By on July 30, 2008

Spy images of Mercedes new Gullwing CLC/SLC courtesy of Auto Motor und SportWith the McLaren-Mercedes SLR set to end production, McLaren wants to build a new supercar of its own (front mid-engine THIS). Auto Motor und Sport reports that Mercedes, which owns some 40 percent of McLaren, reckon the new hot rod would compete with its forthcoming Gullwing super-SL. And? Racing boss Ron Dennis and partner Mansour Ojjeh each own 15 percent of McLaren; the royal family of Bahrain own the other 30 percent. They're all hot for a new McLaren road car. Accordingly, two mid-engined prototypes are currently undergoing track testing, one of which sports a German-built V10 race engine. Mercedes is livid, threatening to cut all payments to McLaren if it doesn't halt development plans. Ultimately, Mercedes is going to have to bite the bullet and buy out the last 11 percent of McLaren if they want to call the shots (outbidding the royal family of Bahrain ain't gonna be easy). Meanwhile everyone has to make nice and work together on the F1 circuit, where McLaren-Mercedes pilot Lewis Hamilton is kicking ass and taking names. So who's writing the novel?


  • avatar

    This is nowhere as entertaining as the whole BMW / VW / RR / Bentley, naming / brand-mark fiasco.

    If the McLaren P11 in anyway involves Gordon Murray, it’ll be an interesting car to behold.

  • avatar

    Gordon Murray is too busy building a really small car.

    But I echo the sentiment. Imagine an updated McLaren F1, incorporating all the new materials and technologies that have come up since that car’s debut.


  • avatar

    Why should MB be bothered – people who can afford to buy SLRs and F1s can afford to buy both.

  • avatar

    Mclaren went to BMW for the F1’s engine. There’s nothing to stop them from doing the same again. Mercedes can’t afford to sabotage Hamilton’s ambitions, because if he does win the World Championship, that’s the kind of publicity money can’t buy.

    Mercedes has been rumored to be trying to buy the rest of McLaren, but Ron Dennis is no fool, and his ambitions go far beyond Formula One. No way he or mansour sell up.

    Dieter, meet Rock and Hard Place. You’ll be seated between them for a while.

  • avatar

    Why would they want to build a MB-branded supercar anyway? Wasn’t the SLR a bit of a flop? If McLaren builds a successful supercar, MB, being a large shareholder, wins.

    The only reason for MB to build a supercar is ego. If they were more self-confident, they wouldn’t need a carbon-fiber phallic prestige-piece. Maybe they are still crying into their pillow at night over the whole Chrysler thing. It’s okay Deiter, it’ll be ok.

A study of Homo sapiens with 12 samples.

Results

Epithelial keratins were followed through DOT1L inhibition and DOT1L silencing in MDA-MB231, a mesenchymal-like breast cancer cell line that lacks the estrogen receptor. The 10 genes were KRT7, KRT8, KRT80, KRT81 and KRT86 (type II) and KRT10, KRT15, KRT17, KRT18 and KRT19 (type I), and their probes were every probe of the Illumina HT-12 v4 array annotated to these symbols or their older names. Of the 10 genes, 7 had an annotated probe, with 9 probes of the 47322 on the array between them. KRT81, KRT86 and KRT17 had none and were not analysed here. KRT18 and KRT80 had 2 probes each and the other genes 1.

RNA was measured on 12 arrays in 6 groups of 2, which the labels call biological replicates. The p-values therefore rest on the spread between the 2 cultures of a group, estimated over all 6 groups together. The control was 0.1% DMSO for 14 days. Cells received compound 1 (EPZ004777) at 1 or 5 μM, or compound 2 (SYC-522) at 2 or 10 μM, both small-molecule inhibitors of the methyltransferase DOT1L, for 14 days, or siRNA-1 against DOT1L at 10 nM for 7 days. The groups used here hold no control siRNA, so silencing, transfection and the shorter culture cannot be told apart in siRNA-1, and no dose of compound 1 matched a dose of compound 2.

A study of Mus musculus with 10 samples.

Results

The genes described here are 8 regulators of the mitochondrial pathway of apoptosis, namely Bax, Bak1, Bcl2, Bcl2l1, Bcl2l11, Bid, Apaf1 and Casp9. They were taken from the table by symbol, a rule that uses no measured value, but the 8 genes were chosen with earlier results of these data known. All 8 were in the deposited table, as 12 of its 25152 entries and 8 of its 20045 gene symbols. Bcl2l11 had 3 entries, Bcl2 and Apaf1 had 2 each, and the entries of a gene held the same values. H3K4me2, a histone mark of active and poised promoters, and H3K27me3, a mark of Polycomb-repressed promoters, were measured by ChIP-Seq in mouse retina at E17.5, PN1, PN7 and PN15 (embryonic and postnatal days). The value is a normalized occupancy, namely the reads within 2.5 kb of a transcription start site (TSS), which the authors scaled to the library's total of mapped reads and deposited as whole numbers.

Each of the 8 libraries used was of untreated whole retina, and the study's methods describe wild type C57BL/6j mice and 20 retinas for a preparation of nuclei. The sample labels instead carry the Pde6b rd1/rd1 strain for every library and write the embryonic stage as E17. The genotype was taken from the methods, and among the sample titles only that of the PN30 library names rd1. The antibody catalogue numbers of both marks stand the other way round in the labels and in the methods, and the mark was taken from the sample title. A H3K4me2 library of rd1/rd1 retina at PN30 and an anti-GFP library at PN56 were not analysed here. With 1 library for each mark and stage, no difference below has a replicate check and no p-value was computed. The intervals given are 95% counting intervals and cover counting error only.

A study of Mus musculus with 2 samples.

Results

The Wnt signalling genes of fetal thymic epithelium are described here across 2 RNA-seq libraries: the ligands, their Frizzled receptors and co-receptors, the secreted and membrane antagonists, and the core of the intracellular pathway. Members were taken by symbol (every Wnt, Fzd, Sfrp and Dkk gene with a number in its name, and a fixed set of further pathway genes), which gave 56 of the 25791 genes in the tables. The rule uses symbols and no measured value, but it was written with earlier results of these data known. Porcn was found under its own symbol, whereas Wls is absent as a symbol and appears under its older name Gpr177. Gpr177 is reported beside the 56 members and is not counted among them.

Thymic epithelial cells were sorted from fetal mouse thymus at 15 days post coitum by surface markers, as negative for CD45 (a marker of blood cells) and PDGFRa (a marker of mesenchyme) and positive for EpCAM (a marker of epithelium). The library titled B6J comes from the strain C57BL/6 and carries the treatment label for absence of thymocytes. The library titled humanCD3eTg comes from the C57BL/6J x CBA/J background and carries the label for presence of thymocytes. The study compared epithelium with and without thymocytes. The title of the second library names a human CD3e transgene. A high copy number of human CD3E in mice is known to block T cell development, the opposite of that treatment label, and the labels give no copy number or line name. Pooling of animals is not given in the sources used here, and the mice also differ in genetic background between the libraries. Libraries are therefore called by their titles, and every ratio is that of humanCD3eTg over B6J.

• avatar
    the duke

    While in some ways I like the idea new gullwing, it’s sad that we see function follow form on this car. Meaning, there is no reason for the gullwing doors other than the fact that they look cool. I guarantee they will make the car heavier than if it didn’t have them.

    How is this different than the 300SL of yore? Well, that car had a tube frame chassis (as it was designed as a race car) so they couldn’t put normal doors on it as that is where the frame was. Gull-wings were the only option (and cut high, over the tube frame). Form followed funtion, as it always did at Mercedes until Marketing started bossing engineering around.

    Ask anyone with a DeLorean DMC-12 or Bricklin SV-1 how gullwing doors are to live with – aside from looking cool. Sadly, the latter is all MB cares about any more.

  • avatar

    great story.

    They’ll sell 250, worldwide.

    200 will end up in collections
    25 driven by dowagers who have no idea what it is.
    25 will be enjoyed by the kids and hangers on. Sadly, 17 will be wrecked this way.

  • avatar

    Because the Mustang version was so lame, it’s the new Night Rider car! Glenn A. Larson returns!

  • avatar

    I wonder if it’s even possible to significantly improve the original F1. They could probably pull another 75 HP from an emissions-compliant engine. The brakes could be carbon composite rather than iron, and the CD player would have to become an MP3 player. Otherwise, the car is as technically impressive now as it was in 1993.

    We’ve got quite a lot of competent supercars, I’m actually more interested in the T25.